This study is enrolling emerging adults (ages 18-25) with cannabis use disorder (CUD) to examine sex differences in (a) cannabis withdrawal symptoms during short-term cannabis abstinence, (b) cannabidiol (CBD) versus placebo effects on stress reactivity during short-term cannabis abstinence, and (c) the relationship between stress reactivity and time to cannabis relapse after short-term cannabis abstinence. The proposed study is designed to reveal sex differences and guide the development of tailored treatments that address factors disproportionately affecting emerging adult females with CUD.
Participants will complete an assessment visit to determine eligibility. Eligible participants will be scheduled for their next visit and will be instructed to abstain from cannabis use for 3 days. Participants will be set up with a phone application (app) and given instructions on its use. This app will send twice daily, random surveys everyday throughout study participation with questions about cannabis use, cravings, and overall mood. Participants will also complete twice daily saliva samples.
At the end of the 3 days, participants will return to the clinic for their second visit. Participants will complete a urine and blood sample at each visit. After eating a snack, participants will receive one dose of CBD (800mg) or placebo and then participate in a stress task. Upon completion of the stress task, participants will complete 3 saliva samples and then be discharged after evaluation by research staff. After the completion of Visit 2, participants will continue to complete twice daily surveys for 10 days. The study will last approximately 14 days.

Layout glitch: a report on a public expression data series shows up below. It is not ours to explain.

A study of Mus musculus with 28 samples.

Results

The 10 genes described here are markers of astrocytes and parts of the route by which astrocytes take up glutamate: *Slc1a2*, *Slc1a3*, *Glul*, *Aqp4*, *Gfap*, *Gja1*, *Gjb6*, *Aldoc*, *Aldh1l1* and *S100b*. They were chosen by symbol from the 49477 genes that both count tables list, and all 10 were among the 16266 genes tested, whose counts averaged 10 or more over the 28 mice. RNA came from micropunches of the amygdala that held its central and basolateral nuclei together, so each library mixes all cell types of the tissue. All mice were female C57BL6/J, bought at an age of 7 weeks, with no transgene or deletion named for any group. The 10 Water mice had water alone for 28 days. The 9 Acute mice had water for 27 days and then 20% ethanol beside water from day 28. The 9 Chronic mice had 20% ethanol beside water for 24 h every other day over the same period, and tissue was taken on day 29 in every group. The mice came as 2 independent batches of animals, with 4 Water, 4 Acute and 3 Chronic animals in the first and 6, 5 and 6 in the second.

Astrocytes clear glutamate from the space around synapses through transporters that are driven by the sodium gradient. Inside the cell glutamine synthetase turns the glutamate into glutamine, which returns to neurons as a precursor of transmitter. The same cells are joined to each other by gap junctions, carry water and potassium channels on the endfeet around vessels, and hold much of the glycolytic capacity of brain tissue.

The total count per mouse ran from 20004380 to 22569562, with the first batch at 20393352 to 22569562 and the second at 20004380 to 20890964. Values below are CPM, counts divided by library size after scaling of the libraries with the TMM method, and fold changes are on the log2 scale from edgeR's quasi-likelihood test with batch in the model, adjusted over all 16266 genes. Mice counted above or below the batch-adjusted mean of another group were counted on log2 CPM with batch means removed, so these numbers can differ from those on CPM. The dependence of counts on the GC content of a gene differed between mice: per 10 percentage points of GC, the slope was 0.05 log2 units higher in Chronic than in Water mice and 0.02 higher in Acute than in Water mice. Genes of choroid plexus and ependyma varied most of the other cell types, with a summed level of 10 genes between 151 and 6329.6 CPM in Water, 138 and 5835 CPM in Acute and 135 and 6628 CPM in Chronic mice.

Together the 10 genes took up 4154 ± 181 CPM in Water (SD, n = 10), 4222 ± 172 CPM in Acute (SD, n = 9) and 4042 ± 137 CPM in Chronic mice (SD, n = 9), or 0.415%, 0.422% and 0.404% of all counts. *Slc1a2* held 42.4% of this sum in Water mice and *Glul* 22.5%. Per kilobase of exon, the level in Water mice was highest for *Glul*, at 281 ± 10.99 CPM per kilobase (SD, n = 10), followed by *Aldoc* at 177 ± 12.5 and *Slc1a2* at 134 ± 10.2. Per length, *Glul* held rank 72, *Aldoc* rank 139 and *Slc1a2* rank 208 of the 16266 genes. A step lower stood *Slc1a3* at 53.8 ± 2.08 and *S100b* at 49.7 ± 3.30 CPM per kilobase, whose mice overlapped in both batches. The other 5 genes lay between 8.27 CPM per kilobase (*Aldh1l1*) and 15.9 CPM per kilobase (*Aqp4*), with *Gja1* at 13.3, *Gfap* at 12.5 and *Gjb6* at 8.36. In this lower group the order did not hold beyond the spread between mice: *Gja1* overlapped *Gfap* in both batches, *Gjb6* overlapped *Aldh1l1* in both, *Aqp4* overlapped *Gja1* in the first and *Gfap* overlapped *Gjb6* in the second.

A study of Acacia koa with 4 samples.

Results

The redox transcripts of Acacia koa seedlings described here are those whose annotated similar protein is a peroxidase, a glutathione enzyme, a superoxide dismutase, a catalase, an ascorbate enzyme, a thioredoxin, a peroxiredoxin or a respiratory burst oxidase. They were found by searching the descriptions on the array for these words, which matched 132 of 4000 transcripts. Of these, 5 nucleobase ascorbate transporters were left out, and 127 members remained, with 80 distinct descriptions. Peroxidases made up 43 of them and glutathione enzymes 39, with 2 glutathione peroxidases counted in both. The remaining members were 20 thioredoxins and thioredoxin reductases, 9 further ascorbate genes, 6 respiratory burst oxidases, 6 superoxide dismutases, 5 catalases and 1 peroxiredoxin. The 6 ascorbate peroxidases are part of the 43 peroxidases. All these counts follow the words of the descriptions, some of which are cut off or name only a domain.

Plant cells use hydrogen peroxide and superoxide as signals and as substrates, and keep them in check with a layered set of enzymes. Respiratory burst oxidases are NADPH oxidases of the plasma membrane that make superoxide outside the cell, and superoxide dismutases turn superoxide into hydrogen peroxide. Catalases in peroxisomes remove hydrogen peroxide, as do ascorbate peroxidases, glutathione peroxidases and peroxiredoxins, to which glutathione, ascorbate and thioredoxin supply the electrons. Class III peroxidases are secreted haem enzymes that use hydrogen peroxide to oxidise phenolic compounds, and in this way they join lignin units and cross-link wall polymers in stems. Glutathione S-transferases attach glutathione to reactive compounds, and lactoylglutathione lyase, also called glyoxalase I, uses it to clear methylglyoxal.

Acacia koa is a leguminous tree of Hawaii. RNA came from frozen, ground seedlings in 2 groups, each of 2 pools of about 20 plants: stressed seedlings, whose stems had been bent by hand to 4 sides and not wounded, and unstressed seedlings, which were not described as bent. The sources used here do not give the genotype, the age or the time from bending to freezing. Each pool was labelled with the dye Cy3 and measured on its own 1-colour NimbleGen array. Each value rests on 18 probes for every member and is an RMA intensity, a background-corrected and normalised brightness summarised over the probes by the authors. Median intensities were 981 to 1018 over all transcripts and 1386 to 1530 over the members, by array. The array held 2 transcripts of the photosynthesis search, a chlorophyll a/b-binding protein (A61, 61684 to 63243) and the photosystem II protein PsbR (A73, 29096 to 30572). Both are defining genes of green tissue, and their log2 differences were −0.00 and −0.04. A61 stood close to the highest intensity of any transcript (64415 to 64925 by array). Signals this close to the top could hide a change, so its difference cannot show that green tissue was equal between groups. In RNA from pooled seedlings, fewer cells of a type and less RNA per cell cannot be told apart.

There are risks involved with participating in this study, including risks associated with CBD, risks associated with the stress task and study procedures, emotional distress from answering personal questions, and loss of confidentiality. There is a risk of experiencing cannabis withdrawal symptoms during the 3-day period of cannabis abstinence. Some potential risks related to CBD include dry mouth, diarrhea, reduced appetite, drowsiness, and fatigue. There is a risk of loss of confidentiality, but the researchers will code the samples and research information to protect privacy. There are no direct benefits to the participant, but we hope the knowledge gained will help us inform future clinical strategies to address cannabis use in emerging adults.
The purpose of this research is to investigate how a trial drug, AEF0117, influences the effects of cannabis and if it is helpful in the treatment of Cannabis Use Disorder (CUD). This is a 20-week, randomized, double-blind, placebo-controlled, parallel-group outpatient clinical trial that will be conducted at approximately 10 research sites in the US.
The purpose of this study is to evaluate the efficacy of the medication N-acetylcysteine (NAC) to help young people with alcohol use disorder. NAC is an over-the-counter supplement and antioxidant that has been approved by the Food and Drug Administration (FDA) in adults and children for other uses, but has not been approved by the FDA for treatment of alcohol use disorder. All participants will receive brief alcohol counseling during the 8 weeks of medication treatment. Volunteers ages 13-25 are needed for this study.